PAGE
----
School Districts Have Tripled Spending on Adaptive Learning Technology

Data-driven personalized learning can be done with popular classroom tools and a proper infrastructure.

In the past two years, school districts have spent $41 million on adaptive learning tech — an amount that has tripled since 2013. According to the report from Noodle Markets, about 9 percent of that spending was on professional development for teachers, reports EdWeek Market Brief.

Adaptive learning, defined by Arkansas State University’s education department, is “a series of highly complex algorithms that draw on an enormous data set to process a series of decision trees that — outwardly, at least — present a finely tuned instructional methodology that more readily matches the student’s ability to process and retain instructional material.”

By using these adaptive learning tools that add a component of automation to teaching, ASU indicates that educators are able to more easily offer personalized learning and help students learn at their own pace.

Popular Classroom Tools Facilitate Adaptive Learning

While schools increasingly invest in specific adaptive learning tech, they also are finding ways to use tools they already have to help personalize learning with data.

Using Google Forms and Google Sheets, educators can help students track their scores on tests and quizzes so they can be more accountable for their progress.

On her YouTube channel, former technology coach Jennifer Bengele shows how educators can simply add page breaks to Google Forms to more easily add individualized feedback and support. Based on the answers students give, the form can direct them to a video or link for remediation or a more difficult question if they are ready to move on.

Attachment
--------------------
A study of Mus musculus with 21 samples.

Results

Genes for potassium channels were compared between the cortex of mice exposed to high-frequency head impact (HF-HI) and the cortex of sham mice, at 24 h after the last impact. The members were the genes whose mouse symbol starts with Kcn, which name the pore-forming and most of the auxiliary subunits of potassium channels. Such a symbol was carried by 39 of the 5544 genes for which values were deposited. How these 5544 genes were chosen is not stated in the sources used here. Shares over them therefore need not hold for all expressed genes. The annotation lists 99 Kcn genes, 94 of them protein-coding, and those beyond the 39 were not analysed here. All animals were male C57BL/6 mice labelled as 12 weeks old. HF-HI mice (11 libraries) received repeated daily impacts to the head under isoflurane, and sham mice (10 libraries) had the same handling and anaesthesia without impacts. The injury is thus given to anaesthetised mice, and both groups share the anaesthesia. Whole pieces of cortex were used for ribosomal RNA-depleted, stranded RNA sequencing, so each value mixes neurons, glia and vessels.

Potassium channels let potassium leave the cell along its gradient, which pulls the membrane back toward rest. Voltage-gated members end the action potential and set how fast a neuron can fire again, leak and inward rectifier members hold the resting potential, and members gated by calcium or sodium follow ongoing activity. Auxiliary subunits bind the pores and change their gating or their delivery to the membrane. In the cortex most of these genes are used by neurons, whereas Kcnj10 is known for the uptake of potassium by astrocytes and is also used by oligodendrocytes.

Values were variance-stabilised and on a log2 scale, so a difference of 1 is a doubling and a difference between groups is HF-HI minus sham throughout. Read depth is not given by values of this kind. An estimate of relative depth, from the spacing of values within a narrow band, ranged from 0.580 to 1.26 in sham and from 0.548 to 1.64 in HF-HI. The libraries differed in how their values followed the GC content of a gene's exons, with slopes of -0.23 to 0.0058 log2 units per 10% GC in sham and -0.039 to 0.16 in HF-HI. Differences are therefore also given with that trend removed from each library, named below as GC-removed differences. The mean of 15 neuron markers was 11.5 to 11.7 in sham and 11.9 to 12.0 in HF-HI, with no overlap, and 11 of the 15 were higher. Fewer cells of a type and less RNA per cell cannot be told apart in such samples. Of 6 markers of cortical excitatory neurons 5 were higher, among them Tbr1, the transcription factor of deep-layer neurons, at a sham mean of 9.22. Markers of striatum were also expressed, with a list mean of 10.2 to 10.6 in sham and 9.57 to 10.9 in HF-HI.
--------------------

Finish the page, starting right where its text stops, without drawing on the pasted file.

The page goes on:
A Proper Infrastructure Supports Personalized Education

Districts like Arlington Public Schools in Virginia have made big strides using digital tools and data-driven decision-making to create a more agile, flexible learning environment for their students. Their success in these initiatives has partially been facilitated by a good digital framework.

EdTech reports that APS expanded its wireless framework to a high-speed Aruba wireless network with one or more access points in every classroom. The district also rolled out a Juniper Networks router capable of supporting 90,000 computing devices.

In addition to actual infrastructure, personalized learning initiatives are made successful by intellectual infrastructure, in the form of personalized development. A recent study found that teachers who were struggling with personalized learning initiatives weren’t receiving the proper support and training from their districts.